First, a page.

Pippen, a Hall of Famer in his own right often referred to as Jordan’s sidekick when they won six NBA titles together, took his shot to settle old and new scores with his more famous teammate in his new book “Unguarded.”
Pippen seemed especially agitated by ESPN’s 2020 documentary “The Last Dance” about the Bulls’ ’90s dynasty, featuring Jordan front and center. In excerpts shared by The New York Times on Wednesday, Pippen wrote that the series “glorified Michael Jordan while not giving nearly enough praise to me and my proud teammates.”
“How dare Michael treat us that way after everything we did for him and his precious brand,” Pippen wrote, claiming that Jordan “received $10 million for his role in the doc while my teammates and I didn’t earn a dime.” (Forbes reported in April 2020 that Jordan would make $3 million to $4 million and planned to donate it to charity. Jordan never confirmed the amount.)
Pippen pushed back hard against Jordan’s assertion in the doc that Pippen was selfish.
“You want to know what selfish is? Selfish is retiring right before the start of training camp when it is too late for the organization to sign free agents,” Pippen wrote, referring to Jordan’s first retirement before the 1993-94 season as he grieved the shooting death of his father.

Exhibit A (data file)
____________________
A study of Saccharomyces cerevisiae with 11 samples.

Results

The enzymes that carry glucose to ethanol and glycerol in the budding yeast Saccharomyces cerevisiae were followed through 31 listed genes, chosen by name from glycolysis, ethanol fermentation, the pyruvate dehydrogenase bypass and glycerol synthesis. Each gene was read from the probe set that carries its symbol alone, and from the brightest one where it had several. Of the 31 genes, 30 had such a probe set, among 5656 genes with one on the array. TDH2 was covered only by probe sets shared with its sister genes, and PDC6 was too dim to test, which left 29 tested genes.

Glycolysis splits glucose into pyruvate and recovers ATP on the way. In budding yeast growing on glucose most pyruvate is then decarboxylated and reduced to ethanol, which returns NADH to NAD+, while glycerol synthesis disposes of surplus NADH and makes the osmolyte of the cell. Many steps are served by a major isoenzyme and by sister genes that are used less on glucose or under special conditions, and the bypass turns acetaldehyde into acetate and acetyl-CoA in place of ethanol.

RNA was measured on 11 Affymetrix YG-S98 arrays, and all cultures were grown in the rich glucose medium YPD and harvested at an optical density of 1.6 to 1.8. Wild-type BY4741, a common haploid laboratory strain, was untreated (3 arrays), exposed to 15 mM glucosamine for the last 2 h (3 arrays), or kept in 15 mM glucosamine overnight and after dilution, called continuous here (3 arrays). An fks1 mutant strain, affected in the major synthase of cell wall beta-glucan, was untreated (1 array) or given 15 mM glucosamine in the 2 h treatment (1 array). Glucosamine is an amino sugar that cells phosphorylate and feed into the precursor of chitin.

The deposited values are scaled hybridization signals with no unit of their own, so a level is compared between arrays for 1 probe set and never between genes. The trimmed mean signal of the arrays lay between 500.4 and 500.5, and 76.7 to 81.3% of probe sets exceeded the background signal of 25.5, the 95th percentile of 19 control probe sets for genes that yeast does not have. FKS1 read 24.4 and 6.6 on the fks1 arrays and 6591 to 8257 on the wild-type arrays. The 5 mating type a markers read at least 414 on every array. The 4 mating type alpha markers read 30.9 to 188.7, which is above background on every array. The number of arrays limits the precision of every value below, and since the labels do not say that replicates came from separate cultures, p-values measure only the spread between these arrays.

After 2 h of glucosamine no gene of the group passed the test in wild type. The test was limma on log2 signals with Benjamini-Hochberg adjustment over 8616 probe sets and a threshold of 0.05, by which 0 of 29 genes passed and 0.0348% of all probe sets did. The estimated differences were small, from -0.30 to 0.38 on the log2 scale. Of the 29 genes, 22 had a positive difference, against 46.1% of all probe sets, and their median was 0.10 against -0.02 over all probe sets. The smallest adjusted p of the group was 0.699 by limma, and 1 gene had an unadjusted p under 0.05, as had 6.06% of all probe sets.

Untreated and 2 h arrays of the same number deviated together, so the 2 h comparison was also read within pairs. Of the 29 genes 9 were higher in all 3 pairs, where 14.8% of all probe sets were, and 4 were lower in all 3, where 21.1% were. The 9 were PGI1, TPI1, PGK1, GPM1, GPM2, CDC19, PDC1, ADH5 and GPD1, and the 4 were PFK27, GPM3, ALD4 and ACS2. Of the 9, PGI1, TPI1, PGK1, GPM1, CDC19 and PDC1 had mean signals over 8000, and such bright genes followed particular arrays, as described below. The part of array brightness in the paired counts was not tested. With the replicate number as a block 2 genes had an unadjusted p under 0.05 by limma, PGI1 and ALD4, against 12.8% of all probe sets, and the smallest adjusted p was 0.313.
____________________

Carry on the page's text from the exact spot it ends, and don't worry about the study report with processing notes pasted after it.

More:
Watching “The Last Dance” unlocked unpleasant memories, Pippen wrote.
“Seeing again how poorly Michael treated his teammates, I cringed, as I did back then,” Pippen recalled.
Pippen has aired gripes about the documentary before. “I thought it was more about Michael trying to uplift himself and to be glorified,” he said in June. “I think it also backfired to some degree in that people got a chance to see what kind of personality Michael had.”
At the time, the book’s publisher promoted how Pippen “cringed” at being known as Jordan’s sidekick and was the “real leader” of the team.
“Michael and I aren’t close and never have been,” Pippen wrote in “Unguarded,” per The New York Times.
It’s probably going to stay that way.